Technology
The Colville reservation in eastern Washington state doesn't have broadband internet, which makes it difficult for tribal members to communicate with doctors over the web. Gov. Inslee's proposal would bring broadband to rural communities across the state.

High-speed internet on Inslee's wish list for Washington state

Washington's governor wants the state to start treating the internet like it treats electricity: as a necessity.

This may be unfamiliar in tech-friendly Seattle.

Thousands of Washingtonians, mostly in rural or tribal communities, don't have broadband internet. It means waiting minutes or hours to access the internet, upload videos, and take school exams, if there's internet access at all.

Governor Jay Inslee is now proposing high-speed internet access for everyone, which would take years if the Legislature adopts his plan.

"It'll be a greater state when every one of these communities has access to broadband," Inslee said. "The obvious reason is for economic purposes, to allow small businesses to get access; broadband is necessary to be able to make the world our market."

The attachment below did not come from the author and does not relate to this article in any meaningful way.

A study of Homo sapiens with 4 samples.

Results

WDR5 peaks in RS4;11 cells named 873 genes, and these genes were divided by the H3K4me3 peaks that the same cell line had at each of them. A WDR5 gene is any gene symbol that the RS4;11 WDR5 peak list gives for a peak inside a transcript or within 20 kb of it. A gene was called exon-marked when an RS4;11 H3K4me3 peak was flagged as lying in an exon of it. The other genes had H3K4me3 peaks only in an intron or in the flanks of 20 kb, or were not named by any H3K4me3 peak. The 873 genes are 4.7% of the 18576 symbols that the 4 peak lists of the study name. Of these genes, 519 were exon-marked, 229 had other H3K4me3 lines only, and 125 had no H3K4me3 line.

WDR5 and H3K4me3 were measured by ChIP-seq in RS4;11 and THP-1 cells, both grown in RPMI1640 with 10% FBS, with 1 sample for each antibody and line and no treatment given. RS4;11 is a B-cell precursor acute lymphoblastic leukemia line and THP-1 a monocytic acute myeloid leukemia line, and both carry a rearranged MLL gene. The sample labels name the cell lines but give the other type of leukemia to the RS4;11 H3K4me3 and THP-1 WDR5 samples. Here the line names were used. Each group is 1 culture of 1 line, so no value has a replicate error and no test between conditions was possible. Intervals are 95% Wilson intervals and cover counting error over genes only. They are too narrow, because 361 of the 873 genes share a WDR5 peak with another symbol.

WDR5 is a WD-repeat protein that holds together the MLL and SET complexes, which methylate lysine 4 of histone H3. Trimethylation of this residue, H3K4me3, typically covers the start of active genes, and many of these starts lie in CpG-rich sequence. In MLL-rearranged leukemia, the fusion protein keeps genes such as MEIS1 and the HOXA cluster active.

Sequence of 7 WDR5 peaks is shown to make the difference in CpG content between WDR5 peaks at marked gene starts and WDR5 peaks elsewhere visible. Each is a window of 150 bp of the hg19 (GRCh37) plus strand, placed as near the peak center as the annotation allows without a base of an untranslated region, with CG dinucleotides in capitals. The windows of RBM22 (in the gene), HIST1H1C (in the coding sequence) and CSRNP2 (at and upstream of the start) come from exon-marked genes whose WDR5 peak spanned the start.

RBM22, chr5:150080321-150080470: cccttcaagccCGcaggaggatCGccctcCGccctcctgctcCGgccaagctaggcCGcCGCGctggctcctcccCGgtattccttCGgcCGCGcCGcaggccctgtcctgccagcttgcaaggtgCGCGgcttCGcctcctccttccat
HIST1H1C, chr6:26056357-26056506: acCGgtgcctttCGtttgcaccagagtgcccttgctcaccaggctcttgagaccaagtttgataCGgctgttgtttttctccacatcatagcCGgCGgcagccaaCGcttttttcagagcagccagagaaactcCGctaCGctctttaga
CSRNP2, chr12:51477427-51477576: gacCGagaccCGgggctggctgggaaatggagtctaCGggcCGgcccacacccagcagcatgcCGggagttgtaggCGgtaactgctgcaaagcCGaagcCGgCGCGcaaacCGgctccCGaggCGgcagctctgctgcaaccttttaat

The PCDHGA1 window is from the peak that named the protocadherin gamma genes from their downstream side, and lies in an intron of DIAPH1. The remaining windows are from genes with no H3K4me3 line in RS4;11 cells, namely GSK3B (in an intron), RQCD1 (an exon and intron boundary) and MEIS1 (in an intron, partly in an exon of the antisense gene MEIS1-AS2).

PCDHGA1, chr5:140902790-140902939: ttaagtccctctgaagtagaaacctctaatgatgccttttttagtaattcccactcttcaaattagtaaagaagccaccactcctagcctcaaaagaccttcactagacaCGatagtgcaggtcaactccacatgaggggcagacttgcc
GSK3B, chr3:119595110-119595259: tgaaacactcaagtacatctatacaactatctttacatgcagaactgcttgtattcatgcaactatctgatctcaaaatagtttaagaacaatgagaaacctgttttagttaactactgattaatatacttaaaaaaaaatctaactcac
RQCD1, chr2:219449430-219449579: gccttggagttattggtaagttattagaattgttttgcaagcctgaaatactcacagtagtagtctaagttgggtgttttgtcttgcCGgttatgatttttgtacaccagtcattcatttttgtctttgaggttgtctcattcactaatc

Inslee has proposed a statewide broadband office, and has asked lawmakers to approve it. It would determine how many people lack broadband, then give grants and loans for communities to install it.

Senator Lisa Wellman, Democrat of Mercer Island, has sponsored the bill. One of her concerns is rural schools.

"Our testing is done online," Wellman said. "Many of our new resources in the classroom are online, and at many of our schools, only two or three kids at a time can be online."

Wellman said Washington has a digital divide. "We've got to close that opportunity gap," she said.

The Colville Indian Reservation doesn't have broadband and therefore can't communicate with doctors online.

Addressing lawmakers on Wednesday, Susie Allen of the Colville Business Council called broadband an urgent need. "Our tribal members are diagnosed daily with cancer, diabetes, and cardiovascular disease," she said.